How Do You Solve A Problem Like A J.Crew Scandal?

Summer K

It goes without saying that J.Crew Creative Director Jenna Lyons has taken the iconic company from granola ladies who lunch to power girls in cardigans and pearls. So when the notoriously unedited face of the brand faced Oprah and Nail PolishGate earlier this year and came out unscathed, I breathed a happy sigh of relief (how dare conservatives even suggest that painting your son’s toenails will make him gay!).

Unfortunately, the conservatives might have been on to something. While Lyon’s son has yet to declare his rainbow flag affiliation, she’s managed to dash my dreams of the perfect Brooklyn (hetero) marriage complete with an artfully crafted townhouse built for two.

According to Page Six, Lyons is mired in a messy divorce complete with another woman — as in HER woman. While details are hazy on her exact identity (though papers identify her as working in the fashion industry too), it does beg the question as to how a family-friendly company like J.Crew is supposed to handle this romantic about-face.

As someone that actively documents her personal life for their newsletters and catalog pages, ignoring Lyons’ new same-sex relationship would certainly ring false to her many legions of fans. On the other hand, J.Crew has never blatantly said they were for or against gay rights either way (happily, a recent J.Crew catalog shoot with an employee and his boyfriend adds some subtle clarity).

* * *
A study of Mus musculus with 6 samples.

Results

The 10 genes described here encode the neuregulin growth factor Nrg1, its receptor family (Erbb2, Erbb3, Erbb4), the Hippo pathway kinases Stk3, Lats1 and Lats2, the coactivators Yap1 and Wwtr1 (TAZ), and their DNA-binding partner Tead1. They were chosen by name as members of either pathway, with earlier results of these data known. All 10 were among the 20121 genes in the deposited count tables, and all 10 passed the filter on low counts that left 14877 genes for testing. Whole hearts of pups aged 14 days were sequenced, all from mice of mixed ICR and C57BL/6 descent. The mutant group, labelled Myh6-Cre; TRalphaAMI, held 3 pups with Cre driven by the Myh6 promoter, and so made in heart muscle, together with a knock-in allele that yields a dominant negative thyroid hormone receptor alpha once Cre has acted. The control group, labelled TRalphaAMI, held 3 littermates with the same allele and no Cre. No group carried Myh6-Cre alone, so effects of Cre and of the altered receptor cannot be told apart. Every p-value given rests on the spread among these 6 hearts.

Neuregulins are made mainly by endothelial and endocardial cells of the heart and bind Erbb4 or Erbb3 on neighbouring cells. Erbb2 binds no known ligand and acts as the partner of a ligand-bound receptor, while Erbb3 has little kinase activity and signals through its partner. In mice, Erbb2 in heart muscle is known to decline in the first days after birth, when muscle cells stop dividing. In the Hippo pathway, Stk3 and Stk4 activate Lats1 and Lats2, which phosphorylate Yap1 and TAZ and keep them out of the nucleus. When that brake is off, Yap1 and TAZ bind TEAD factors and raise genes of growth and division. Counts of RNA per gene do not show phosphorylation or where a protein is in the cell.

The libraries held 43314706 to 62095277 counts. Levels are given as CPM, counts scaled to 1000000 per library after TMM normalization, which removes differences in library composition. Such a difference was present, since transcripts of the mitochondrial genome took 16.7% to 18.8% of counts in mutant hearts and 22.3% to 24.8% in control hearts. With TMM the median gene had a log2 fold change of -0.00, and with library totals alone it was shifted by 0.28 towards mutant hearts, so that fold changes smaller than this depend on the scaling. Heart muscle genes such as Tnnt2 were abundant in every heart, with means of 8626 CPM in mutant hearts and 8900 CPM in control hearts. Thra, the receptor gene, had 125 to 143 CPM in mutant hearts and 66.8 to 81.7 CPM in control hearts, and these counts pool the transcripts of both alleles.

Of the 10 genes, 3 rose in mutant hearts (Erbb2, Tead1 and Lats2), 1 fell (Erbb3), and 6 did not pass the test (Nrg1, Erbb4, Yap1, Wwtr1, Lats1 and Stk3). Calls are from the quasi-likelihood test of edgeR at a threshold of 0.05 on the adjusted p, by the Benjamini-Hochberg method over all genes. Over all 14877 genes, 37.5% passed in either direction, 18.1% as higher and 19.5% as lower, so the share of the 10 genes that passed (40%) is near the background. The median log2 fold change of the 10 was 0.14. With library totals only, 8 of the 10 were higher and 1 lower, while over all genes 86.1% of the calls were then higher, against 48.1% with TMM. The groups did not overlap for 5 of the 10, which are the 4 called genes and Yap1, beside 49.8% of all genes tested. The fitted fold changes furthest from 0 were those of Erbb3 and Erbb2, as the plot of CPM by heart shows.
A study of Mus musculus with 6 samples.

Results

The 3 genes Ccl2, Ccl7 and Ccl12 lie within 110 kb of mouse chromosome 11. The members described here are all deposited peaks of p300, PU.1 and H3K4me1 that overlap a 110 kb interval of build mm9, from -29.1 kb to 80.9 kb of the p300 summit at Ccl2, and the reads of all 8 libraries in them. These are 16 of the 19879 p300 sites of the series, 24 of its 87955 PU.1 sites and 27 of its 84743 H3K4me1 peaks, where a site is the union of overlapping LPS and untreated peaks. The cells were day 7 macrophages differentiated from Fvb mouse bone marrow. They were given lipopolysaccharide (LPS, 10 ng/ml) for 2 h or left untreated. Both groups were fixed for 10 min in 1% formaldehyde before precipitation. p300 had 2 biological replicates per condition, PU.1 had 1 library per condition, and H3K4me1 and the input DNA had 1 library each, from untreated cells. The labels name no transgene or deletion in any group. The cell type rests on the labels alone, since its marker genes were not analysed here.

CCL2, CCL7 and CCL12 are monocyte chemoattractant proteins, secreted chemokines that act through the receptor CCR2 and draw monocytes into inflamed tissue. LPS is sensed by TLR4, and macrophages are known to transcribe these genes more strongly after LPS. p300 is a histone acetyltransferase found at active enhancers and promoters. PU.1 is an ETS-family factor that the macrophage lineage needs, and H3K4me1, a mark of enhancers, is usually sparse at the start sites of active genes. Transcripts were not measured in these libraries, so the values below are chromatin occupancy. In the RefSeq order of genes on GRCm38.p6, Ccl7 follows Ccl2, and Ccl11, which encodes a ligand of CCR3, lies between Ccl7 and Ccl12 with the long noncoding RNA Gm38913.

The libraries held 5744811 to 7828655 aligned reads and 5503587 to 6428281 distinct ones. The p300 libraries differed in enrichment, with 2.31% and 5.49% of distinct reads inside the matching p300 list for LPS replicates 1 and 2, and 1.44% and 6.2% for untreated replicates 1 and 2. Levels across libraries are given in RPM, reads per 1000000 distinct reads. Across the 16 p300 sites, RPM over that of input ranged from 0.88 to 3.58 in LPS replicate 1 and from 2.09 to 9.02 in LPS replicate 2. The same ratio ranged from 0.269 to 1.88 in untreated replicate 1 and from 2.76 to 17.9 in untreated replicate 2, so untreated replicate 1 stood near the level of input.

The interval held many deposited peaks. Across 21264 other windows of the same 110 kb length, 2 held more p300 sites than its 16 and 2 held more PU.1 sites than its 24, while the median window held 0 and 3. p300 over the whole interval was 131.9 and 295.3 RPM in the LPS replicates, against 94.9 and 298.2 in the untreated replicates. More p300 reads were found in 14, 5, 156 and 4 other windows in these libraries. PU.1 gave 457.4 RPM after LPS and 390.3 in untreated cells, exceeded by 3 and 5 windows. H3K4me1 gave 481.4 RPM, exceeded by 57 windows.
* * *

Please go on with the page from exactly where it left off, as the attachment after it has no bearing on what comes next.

It seems obvious that J.Crew will eventually have to pick a platform or comment on the scandal if they hope to save face. (I mean, it’s not like Lyon’s husband hasn’t appeared in J.Crew stuff as well — you can’t just photoshop him out and add the new girlfriend without creating some context beyond “Mommy’s ‘special’ friend Kathy”).

My suggestion? Ease Lyons out of the spotlight for awhile, start a different campaign and just let her focus on her personal business. Trust me, change isn’t necessarily a bad thing…as long as it doesn’t involve a return to corduroy barn coats and striped rugbys.

Bottomline: The lady may be out of the closet, but I still enjoy hanging out in hers no matter who she’s shacking up with.